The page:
Here’s the hard truth about being an entrepreneur: it’s lonely, and you’ll fail over and over again. As an entrepreneur, you have your ups and downs. In the moments that your family see or hear about your downs, their immediate reaction may be, “why don’t you get a 9-5 job?” You’ll lose friends and find yourself in situations outside your comfort zone.
At the same time, the way you look at the world changes and there’s something inside you, an obsessive force, that keeps pushing you to pursue your dreams.
That’s exactly what happened to me. When I graduated college I had no idea what I wanted out of life. I picked a marketing major and minor in computer graphics because my friends told me it was easy. Securing a job after college was scary because it meant you’re officially inducted into adulthood with real responsibilities.
I found a job working in New York City’s infamous diamond district, selling diamonds wholesale. I worked with diamond manufacturers and diamond mining companies. The job was supposed to be a layover job till I found something I really wanted in marketing. But I ended up in the industry for over sixteen years. Then moved onto selling advertising in NYC. In my 19+ years of working on other people’s dream, there was always this yearning to start my own business.
No matter which company I worked for I was unhappy and had a difficult time connecting with my co-workers. As a result, I got really good at getting fired from many of my jobs. Eventually, I lost everything: my savings, my NYC apartment, friends, I mean everything. But it was in my darkest and most desperate moments that I learned about who I am.
Throughout my entrepreneurial journey, I had three failed businesses. At one point I thought I wanted to be a life coach, came to find out I couldn’t take listening to people’s problems all day. I then decided to start a luxury concierge business catering to wealthy travelers, that never really got off the ground. Then I decided I wanted to help small businesses market their health and wellness brand. That didn’t turn into anything either.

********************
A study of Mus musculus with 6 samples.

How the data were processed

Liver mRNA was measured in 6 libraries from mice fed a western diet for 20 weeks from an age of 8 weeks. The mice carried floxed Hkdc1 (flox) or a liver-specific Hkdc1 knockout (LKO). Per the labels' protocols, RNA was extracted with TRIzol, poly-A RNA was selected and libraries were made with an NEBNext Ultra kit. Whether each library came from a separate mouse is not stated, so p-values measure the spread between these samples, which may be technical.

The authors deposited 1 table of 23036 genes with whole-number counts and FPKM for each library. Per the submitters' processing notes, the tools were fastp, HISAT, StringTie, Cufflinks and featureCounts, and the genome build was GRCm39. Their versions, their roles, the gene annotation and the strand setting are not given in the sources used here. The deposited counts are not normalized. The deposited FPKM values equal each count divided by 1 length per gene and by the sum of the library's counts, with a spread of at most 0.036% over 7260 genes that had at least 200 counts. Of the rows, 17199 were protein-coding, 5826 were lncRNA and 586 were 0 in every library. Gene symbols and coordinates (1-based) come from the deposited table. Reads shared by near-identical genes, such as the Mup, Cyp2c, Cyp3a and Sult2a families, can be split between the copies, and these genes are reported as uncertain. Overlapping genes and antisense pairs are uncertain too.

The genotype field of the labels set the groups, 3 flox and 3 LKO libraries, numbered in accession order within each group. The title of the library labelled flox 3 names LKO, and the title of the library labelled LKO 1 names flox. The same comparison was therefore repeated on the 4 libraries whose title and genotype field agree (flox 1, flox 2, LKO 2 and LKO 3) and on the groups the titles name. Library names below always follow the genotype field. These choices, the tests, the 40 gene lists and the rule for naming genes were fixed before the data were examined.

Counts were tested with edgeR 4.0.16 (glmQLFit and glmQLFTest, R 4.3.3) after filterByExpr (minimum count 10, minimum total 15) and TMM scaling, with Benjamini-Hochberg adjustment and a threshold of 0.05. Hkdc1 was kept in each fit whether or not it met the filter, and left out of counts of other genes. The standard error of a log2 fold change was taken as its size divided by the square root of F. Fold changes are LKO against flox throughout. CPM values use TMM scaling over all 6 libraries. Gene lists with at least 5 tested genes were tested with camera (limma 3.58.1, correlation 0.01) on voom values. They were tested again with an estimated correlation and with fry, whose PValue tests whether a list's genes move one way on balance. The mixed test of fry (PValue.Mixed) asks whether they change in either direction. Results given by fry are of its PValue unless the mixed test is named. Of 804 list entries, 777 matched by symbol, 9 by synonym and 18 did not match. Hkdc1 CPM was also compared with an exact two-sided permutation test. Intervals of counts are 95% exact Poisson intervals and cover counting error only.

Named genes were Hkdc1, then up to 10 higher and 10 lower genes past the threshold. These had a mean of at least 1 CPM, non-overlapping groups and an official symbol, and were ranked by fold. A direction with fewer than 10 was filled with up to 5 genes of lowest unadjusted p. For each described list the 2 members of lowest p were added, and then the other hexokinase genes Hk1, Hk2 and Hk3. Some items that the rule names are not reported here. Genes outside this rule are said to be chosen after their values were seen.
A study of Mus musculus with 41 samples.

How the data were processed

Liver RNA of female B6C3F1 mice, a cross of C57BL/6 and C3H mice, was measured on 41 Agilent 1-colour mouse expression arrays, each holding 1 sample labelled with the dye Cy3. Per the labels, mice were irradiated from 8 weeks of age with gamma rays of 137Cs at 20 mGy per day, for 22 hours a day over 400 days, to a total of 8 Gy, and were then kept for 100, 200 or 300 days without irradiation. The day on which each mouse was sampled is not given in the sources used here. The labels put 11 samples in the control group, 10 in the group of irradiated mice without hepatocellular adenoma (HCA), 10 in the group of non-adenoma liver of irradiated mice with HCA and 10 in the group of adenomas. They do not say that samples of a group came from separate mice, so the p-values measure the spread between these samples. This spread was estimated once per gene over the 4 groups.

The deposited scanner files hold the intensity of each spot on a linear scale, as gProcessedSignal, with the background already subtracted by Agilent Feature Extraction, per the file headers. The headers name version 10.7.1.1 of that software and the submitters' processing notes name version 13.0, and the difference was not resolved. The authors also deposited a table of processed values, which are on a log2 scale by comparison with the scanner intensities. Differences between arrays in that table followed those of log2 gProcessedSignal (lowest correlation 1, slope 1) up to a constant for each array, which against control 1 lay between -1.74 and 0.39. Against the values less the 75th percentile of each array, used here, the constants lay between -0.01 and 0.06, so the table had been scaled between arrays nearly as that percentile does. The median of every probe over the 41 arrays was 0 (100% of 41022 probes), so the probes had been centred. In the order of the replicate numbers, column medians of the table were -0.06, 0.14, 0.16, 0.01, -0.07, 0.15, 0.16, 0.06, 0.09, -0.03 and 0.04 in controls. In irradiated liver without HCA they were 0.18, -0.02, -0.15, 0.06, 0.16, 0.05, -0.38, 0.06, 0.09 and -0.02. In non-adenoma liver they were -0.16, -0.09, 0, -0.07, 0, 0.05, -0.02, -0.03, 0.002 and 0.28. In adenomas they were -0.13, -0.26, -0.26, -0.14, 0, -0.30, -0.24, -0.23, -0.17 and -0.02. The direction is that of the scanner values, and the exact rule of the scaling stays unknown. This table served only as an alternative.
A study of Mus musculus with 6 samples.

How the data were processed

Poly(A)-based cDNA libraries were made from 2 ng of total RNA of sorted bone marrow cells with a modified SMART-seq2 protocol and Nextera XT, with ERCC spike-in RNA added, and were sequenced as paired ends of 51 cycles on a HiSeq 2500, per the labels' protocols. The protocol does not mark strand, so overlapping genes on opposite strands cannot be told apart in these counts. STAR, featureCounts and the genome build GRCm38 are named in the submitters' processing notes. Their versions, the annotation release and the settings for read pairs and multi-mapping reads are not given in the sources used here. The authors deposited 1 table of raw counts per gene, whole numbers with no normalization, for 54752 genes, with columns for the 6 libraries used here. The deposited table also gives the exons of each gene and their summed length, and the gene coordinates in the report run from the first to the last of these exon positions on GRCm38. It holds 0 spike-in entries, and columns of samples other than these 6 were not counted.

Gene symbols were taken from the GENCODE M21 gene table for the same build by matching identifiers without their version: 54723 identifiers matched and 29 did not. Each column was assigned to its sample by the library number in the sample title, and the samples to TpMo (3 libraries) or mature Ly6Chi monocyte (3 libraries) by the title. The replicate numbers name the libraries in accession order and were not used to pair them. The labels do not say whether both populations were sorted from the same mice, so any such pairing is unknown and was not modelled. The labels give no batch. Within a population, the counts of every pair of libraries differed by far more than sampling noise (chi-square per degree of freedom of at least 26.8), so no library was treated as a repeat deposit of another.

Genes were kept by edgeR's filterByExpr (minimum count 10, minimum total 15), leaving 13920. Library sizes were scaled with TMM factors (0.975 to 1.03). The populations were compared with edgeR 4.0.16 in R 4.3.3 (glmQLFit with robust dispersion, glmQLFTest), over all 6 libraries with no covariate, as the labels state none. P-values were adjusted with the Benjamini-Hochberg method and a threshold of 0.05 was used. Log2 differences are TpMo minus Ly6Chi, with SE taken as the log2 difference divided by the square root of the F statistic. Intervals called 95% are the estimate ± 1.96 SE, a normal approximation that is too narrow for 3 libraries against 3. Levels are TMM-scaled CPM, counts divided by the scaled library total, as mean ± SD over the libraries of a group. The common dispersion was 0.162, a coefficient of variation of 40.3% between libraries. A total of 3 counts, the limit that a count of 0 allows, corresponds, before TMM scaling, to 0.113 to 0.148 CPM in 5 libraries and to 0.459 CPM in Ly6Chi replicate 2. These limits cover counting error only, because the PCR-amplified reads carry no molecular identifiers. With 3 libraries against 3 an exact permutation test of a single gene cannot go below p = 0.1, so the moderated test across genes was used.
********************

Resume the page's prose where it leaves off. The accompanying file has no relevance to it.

It took a lot of soul-searching, sweat equity, and asking myself the hard questions. What was I good at? What makes me happy? What’s my passion? I spent time reading a lot of books from Brendon Burchard, Deepak Chopra, Eckhart Tolle, Gabby Bernstein, Marianne Williamson, Jim Rohn, Jack Canfield to name a few. I attended Tony Robbins events and took online courses by experts such as Amy Porterfield, Ramit Sethi, Don Miller, Jim Kwik and more. Then one day it magically made sense- everything just clicked.
I realized that I love connecting people to each other. It felt even better when most of the connections I’ve made had been fruitful. I wanted to do it on a larger scale with brands and businesses. One of my major strengths is strategizing whether it’s in marketing or branding. Now the question was how do I connect all these together to create a single business entity? What problem was I solving? Where will I find clients?
When I look back at all the companies I worked for, one thing kept coming up. All these businesses had a product and service to sell but they never created a human personality to their brands to connect with their human customers.
So just like that, my recent company The Chi Group was born. A global branding agency humanizing and co-branding brands working with businesses from fashion, events, food and beverage, health and wellness, entertainment and more. I remember the moment when I acquired my first client, a major supermarket chain that was launching on the East Coast in US. That was when I thought to myself, “I can do this.”
Now here are some tips for those who want to make it: you never really make it per say as an entrepreneur because every day you’re reinventing yourself. The key to being successful on this journey is to have the courage to take one small step then another one. It’s not enough to have the desire and will. Your actions will shape your life. There will be moments that it’s painful, not fun, but if you’re willing to make one small sacrifice in order to gain a lifetime of joy, it’s so worth it.
Your most powerful weapon is to know where to allocate your time and energy. If you’re looking to be an entrepreneur but spend most of your time shopping, eating, partying or scrolling through social media feeds, don’t expect to be successful. We’re all given the same 24 hours in a day, how you use it is your choice and it determines your success.
The best advice that I’ve ever gotten was, “the squeaky wheel gets the oil.” It means ask questions and speak up. Because you’ll get answers. If no one hears you then there’s no way anyone can help you. Don’t be afraid to be curious, to use your brain, think outside the box because it’s in this space that creativity is born and life becomes vivacious.
(written by Connie Chi (@Connie_Chi_). Connie is the founder and CEO of The Chi Group, a NYC branding agency humanizing and co-branding brands through experiences. She’s also the host of The Brand Academy Podcast which talks about trends in branding and marketing, secrets to co-branding and brand strategies that can help you level up your brand.)